Philadelphia Mayor Jim Kenney exits a voting booth after voting on Election Day at the Painted Bride Theater, in Philadelphia, Tuesday, Nov. 5, 2019. (Jessica Griffin/The Philadelphia Inquirer via AP)Read moreJessica Griffin / AP

    The Morning Newsletter


In other news, the Trump impeachment hearings will continue in Washington today, while Giant Heirloom Market opens its first “underground taproom” in Philly.

— Oona Goodin-Smith (@oonagoodinsmith,

Will Jim Kenney really campaign for the Pennsylvania Governor’s Mansion in 2022? It could all hinge on the state of national politics.

Reporter Sean Collins Walsh talks to City Hall insiders about the factors that may shape Kenney’s decision on a gubernatorial run.

Under looser Affordable Care Act regulations, websites selling limited-benefit insurance plans are increasingly resembling the government-regulated marketplace, and insurance brokers are using carefully worded scripts to push consumers to act quickly before doing more research.

Ultimately, buyers like Trish Martin — saddled with $36,000 in hospital bills — are paying the price.

Health-care reporter Sarah Gantz breaks down the sales pitch brokers use to pressure consumers into buying the minimal coverage plans, and explains what Google is doing to improve the online search for insurance.

A beer while you grocery shop? It’s possible at the Giant Heirloom Market opening in Northern Liberties today.

Take an early peek inside the two-level store featuring the company’s first “underground taproom,” where customers can open a tab to drink beer, wine, and hard seltzer on tap, eat chicken wings, dim sum, and pizza, and play Nintendo 64.

What you need to know today

  1. As the impeachment hearings against President Donald Trump continue this morning, you can follow along with us here. On Thursday, House Speaker Nancy Pelosi said testimony presented on Day One “corroborated evidence of bribery” by the president in his relations with Ukraine.

  2. The University of Pennsylvania athletic department has canceled the remainder of its women’s volleyball team’s season after announcing the discovery of “vulgar, offensive and disrespectful" signs in the team locker room.

  3. Philadelphia City Council passed a bill that will provide free legal representation to low-income tenants facing eviction, all but cementing Philly on a list of cities that have strengthened renters’ rights amid what many say is a growing national eviction problem.

  4. Jury deliberations in the murder trial of Sean Kratz, accused of killing a man and acting as a lookout as his cousin killed and buried two more men on his family’s Bucks County farm, will continue for a third day today in Doylestown.

  5. Pennsylvania officials say the Keystone State has a big litter problem, with an estimated 500 million pieces of trash on roadways, costing more than $14 million annually to clean up.

  6. After revealing that only 30% of Philly’s $193.8 million soda tax revenue has been spent, the city controller is calling for greater transparency around the money.

Through your eyes | #OurPhilly

The weekend is on the horizon. 🙌Thanks for the photo, @skinniry.

Tag your Instagram posts or tweets with #OurPhilly and we’ll pick our favorite each day to feature in this newsletter and give you a shout out!

That’s interesting

  1. Ford v Ferrari, starring Christian Bale and Matt Damon, opens in theaters today. You can catch the real cars from the movie at the Simeone Museum in South Philly, and read how a Ford exec’s Philadelphia-area friends say the film got him all wrong.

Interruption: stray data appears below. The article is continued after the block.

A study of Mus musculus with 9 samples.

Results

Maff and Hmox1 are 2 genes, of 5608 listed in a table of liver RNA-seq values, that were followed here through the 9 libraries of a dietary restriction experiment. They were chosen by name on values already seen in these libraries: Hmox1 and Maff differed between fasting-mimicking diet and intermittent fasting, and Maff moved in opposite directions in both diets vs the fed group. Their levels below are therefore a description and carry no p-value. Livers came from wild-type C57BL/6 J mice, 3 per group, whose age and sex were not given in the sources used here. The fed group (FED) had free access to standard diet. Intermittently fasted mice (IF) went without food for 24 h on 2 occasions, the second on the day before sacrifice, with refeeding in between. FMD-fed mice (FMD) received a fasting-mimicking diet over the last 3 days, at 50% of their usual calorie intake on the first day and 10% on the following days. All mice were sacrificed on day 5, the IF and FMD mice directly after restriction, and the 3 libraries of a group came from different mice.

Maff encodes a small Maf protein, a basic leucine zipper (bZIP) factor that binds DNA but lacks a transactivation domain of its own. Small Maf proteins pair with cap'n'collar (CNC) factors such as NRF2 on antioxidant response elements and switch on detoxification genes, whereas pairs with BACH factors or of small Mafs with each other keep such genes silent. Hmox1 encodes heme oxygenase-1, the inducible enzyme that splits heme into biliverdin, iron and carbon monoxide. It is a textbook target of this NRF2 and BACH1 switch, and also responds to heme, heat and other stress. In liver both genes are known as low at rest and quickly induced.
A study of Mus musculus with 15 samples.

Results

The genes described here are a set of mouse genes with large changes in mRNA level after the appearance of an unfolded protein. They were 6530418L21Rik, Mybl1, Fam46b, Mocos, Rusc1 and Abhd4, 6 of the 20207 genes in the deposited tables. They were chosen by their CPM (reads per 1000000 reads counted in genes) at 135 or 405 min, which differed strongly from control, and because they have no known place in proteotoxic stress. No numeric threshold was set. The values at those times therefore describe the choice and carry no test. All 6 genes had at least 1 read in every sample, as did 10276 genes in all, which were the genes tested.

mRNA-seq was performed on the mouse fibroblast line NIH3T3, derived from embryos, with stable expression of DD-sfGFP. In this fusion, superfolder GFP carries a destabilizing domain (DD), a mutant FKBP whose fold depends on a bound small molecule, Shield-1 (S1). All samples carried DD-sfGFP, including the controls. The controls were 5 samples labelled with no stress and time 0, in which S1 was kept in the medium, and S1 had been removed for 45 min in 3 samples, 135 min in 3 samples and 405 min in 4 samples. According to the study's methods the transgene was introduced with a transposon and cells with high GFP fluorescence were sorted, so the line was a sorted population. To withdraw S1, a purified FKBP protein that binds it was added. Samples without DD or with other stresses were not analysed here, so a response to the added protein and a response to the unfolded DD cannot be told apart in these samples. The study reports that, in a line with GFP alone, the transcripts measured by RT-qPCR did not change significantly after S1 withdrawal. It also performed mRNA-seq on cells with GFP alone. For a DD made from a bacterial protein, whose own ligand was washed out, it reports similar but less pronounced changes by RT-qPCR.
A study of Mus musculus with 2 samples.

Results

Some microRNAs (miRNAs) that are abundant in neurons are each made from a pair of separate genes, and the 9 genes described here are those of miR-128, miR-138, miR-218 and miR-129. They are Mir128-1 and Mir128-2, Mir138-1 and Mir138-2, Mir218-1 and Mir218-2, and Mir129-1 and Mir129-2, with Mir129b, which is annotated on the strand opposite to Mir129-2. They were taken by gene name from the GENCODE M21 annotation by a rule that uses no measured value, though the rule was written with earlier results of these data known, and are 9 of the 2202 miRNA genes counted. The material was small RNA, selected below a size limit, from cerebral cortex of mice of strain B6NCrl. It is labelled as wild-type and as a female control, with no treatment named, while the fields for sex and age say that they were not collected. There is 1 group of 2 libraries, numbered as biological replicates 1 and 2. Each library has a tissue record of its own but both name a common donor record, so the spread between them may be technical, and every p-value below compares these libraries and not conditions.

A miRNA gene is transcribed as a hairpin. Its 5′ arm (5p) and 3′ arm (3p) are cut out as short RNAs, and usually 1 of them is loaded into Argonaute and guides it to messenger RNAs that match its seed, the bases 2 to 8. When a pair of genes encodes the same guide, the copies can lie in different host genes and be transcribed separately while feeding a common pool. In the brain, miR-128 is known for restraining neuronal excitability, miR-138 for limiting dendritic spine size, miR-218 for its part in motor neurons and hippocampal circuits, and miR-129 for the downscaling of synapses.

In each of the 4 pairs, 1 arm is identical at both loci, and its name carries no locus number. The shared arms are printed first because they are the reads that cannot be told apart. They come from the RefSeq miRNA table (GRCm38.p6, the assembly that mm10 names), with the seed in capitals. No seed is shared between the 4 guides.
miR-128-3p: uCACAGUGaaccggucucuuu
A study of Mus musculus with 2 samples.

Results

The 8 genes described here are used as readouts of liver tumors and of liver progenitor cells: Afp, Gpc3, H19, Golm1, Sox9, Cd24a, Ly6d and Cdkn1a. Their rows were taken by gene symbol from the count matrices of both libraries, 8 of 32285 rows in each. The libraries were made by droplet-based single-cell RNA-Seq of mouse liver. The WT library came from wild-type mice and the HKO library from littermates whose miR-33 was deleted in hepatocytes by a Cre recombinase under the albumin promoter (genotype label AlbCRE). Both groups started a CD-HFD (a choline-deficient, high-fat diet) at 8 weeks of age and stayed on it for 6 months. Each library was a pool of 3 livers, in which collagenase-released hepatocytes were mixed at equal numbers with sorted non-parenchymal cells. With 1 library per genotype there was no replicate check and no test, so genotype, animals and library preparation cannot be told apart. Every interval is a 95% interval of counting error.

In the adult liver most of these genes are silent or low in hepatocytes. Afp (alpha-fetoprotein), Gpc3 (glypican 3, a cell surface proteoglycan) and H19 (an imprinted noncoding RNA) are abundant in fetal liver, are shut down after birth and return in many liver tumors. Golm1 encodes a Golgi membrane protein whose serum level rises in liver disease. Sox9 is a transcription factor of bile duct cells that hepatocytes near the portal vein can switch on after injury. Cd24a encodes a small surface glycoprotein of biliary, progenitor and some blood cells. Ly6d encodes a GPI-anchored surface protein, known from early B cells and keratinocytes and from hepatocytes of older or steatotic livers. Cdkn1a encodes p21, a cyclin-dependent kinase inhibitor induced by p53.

2. If you’re headed to the Eagles-Pats pre-game this chilly weekend, let the seasoned pros be your guide to surviving a tailgate in the cold.

  3. No, “the Rock” isn’t dead. Bethlehem’s own Dwayne Johnson is still alive and kicking, despite another hoax circulating on the internet.

  4. Columnist Inga Saffron explains how Philadelphia’s legacy art museums are working to attract a new, woke generation by focusing on diversity and inclusion, addressing bias, and offering better amenities.


“We’re ‘Carey Law’ now, and ‘Penn Law’ is no more. We’re Carey Law despite the fact that the name’s been taken by the law school at the University of Maryland, and we’re Carey Law even though we can safely assume that no one without the last name Carey prefers the change.” University of Pennsylvania Law School alum Reid Hopkins on his former college’s new name.

  1. The giant interactive cocoon in Philadelphia’s Navy Yard may be fun and beautiful, but it’s also a spectacle of environmental contamination, writes this designer, photographer, and street-art journalist.

  2. President Trump’s worst moral crimes aren’t the ones he’s getting impeached for, writes columnist Will Bunch.

What we’re reading

  1. We still may have weeks until Thanksgiving, but it’s already beginning to look a lot like Christmas in Philadelphia. Curbed Philly maps the city’s best light shows this holiday season.

  2. A Roxborough father and daughter are making history in the Philadelphia Fire Department, the Philadelphia Tribune reports.

  3. In 2003, Charles Rogers was the second overall pick in the NFL draft with a bright future and a multimillion-dollar contract. By 2017, he was working in a Florida auto repair shop, hanging out at a pizza shop on his breaks, and mourning a career cut short. This week, he died at 38. The Lansing (Mich.) State Journal looks back at his story.

Your Daily Dose of | Happy ending

In April, a New Jersey mom-to-be made medical history for receiving a heart transplant while pregnant. Last month, she underwent a second surgery for the birth of her son. Now, both she and the baby are happy, healthy, and doing just fine.